If the World Really Were Coming to an End, This Is Probably What It Would Look Like.Posted: November 19, 2009
2012 is awesome. You buy into it. Like all great science fiction, it kind of works like this: You have no idea if the premise is well-founded (neutrinos or something from the sun are acting like a microwave oven to heat up and melt the earth’s core, and the earth’s core is the cement that holds the whole surface of the earth together, so now we’re all screwed), but you don’t care; the movie has a gravity that makes you want to accept it, and once you do, everything else has internal consistency. The characters behave as they very well might. The destruction plausibly could happen exactly as the film depicts it. Etc. It’s very easy to get caught up in this film, and not only because the effects are convincing (which they are). Special effects are cool, but unless you build them on a foundation of dramatic verisimilitude, they’re stupid. 2012‘s delivering on both is why I found myself involuntarily muttering “Oh, my God” more than once.
The shots in the movie are extraordinarily well planned and laid out by director Roland Emmerich. You are never confused for a second about what’s happening in the many action sequences. Whatever your own imagination or unconscious dream-state could conjure up if you were trying to terrify yourself — whatever visual information you need to get totally freaked out — Emmerich anticipates that and shows it to you.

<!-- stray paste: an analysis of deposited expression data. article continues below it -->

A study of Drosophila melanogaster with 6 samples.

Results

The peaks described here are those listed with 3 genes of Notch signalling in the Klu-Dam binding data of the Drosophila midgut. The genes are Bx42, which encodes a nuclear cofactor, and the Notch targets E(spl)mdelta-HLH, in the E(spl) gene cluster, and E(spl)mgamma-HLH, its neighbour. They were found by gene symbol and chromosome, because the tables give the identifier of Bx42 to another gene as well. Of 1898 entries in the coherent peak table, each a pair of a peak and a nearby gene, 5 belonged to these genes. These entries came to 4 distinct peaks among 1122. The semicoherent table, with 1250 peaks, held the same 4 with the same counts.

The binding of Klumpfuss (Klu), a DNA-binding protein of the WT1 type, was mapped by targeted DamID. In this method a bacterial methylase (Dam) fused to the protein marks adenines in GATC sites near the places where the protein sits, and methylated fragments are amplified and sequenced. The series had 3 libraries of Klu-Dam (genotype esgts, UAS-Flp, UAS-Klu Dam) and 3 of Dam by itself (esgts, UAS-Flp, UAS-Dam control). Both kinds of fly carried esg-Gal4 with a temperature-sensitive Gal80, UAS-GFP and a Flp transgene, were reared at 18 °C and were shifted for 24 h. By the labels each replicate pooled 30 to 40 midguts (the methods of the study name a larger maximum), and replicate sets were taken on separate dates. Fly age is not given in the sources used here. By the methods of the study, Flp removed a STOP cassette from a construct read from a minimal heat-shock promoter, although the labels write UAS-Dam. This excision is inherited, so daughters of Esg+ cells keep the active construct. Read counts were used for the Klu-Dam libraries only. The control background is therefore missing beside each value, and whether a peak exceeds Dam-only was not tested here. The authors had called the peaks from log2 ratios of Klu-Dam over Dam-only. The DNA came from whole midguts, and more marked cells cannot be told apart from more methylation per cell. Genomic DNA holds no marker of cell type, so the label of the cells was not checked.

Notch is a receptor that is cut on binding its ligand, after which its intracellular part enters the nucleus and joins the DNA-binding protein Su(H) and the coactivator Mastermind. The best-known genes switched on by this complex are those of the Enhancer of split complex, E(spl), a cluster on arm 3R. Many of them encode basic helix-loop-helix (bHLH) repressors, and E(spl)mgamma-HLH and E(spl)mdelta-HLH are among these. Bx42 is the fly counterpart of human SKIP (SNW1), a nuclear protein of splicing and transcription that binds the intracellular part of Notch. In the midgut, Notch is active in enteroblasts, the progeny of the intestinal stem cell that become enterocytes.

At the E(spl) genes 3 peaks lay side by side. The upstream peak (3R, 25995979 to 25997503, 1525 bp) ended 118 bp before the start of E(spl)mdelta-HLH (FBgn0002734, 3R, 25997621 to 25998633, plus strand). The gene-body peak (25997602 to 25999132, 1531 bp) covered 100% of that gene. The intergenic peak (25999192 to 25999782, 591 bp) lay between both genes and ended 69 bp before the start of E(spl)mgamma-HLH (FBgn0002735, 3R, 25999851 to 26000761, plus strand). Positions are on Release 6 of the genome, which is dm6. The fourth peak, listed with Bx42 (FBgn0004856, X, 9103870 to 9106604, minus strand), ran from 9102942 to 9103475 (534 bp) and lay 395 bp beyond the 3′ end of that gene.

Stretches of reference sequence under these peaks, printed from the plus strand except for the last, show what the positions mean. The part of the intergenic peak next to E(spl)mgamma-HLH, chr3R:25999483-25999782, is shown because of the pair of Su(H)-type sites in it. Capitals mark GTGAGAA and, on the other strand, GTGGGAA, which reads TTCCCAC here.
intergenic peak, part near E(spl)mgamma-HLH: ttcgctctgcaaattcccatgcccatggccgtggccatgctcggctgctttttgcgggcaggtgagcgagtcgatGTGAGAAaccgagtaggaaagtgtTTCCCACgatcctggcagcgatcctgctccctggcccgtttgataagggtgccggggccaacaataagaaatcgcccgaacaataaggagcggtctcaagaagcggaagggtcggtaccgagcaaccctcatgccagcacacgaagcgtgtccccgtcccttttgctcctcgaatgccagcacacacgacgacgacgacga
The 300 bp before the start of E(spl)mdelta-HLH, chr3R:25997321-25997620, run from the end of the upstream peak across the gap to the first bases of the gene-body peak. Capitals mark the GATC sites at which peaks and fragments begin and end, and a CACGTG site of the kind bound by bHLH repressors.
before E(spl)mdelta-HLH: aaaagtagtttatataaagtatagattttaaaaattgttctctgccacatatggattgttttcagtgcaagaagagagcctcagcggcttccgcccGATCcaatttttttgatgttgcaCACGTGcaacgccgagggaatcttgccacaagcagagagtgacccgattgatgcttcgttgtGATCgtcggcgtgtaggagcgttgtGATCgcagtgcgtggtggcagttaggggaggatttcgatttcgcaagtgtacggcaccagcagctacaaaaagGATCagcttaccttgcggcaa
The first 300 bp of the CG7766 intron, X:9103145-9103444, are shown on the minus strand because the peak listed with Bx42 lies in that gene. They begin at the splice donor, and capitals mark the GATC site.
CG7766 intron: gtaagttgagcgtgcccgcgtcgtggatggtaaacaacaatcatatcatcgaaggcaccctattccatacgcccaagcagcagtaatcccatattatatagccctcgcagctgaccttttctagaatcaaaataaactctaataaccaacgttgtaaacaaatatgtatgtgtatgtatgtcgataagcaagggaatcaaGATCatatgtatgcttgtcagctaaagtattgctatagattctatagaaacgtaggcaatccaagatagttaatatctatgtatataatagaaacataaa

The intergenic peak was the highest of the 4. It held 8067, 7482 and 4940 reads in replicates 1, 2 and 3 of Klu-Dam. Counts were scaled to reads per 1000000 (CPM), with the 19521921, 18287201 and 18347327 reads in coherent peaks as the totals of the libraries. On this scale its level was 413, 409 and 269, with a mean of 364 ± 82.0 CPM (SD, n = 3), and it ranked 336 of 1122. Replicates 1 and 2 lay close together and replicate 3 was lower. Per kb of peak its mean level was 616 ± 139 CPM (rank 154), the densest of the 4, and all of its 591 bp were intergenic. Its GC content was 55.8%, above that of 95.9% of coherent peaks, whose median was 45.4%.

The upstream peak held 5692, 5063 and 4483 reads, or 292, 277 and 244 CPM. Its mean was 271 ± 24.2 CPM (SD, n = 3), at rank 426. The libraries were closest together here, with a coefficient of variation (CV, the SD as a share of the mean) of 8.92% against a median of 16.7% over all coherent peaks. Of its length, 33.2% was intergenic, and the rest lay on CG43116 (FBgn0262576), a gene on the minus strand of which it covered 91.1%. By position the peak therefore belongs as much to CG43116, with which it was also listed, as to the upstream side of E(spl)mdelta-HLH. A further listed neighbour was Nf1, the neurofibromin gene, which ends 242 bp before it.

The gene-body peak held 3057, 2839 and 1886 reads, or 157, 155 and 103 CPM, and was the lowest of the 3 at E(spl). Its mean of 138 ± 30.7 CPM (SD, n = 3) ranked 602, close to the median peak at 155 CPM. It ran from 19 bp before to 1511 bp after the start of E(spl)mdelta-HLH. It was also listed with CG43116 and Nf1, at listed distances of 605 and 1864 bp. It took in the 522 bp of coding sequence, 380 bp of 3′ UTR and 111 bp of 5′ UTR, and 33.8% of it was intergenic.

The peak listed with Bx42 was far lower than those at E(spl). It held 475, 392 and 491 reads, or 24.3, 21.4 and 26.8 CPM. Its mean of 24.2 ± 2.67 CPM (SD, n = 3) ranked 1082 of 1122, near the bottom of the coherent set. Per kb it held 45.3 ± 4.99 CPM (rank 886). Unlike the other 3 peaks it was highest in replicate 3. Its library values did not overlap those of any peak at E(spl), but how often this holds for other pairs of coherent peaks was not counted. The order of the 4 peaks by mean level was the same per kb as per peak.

Plus, you want a disaster movie to contain lines like, “All our scientific knowledge, and the Mayans called this right a thousand years ago.” 2012 doesn’t deprive you of them.
The movie resonates on another level. Even if the scientific principles behind it are absurd, it taps into our fear of terrorism. You know that if our enemies ever have the means, something not far afield from what you see in the movie might just happen in real life. 2012 is a safe way to see your world destroyed, because afterward you can go get a hamburger.
A layer of religious symbolism also seems embedded somewhere in the movie’s crust. After all, if the earth’s core is melting, that’s rather like “all hell breaking loose,” isn’t it? And after a while one notices that the central character, a science-fiction novelist named Jackson Curtis whose book espouses the basic goodness of man, has the initials J.C. (For that matter, so does the actor who plays him, John Cusack.) That’s fine.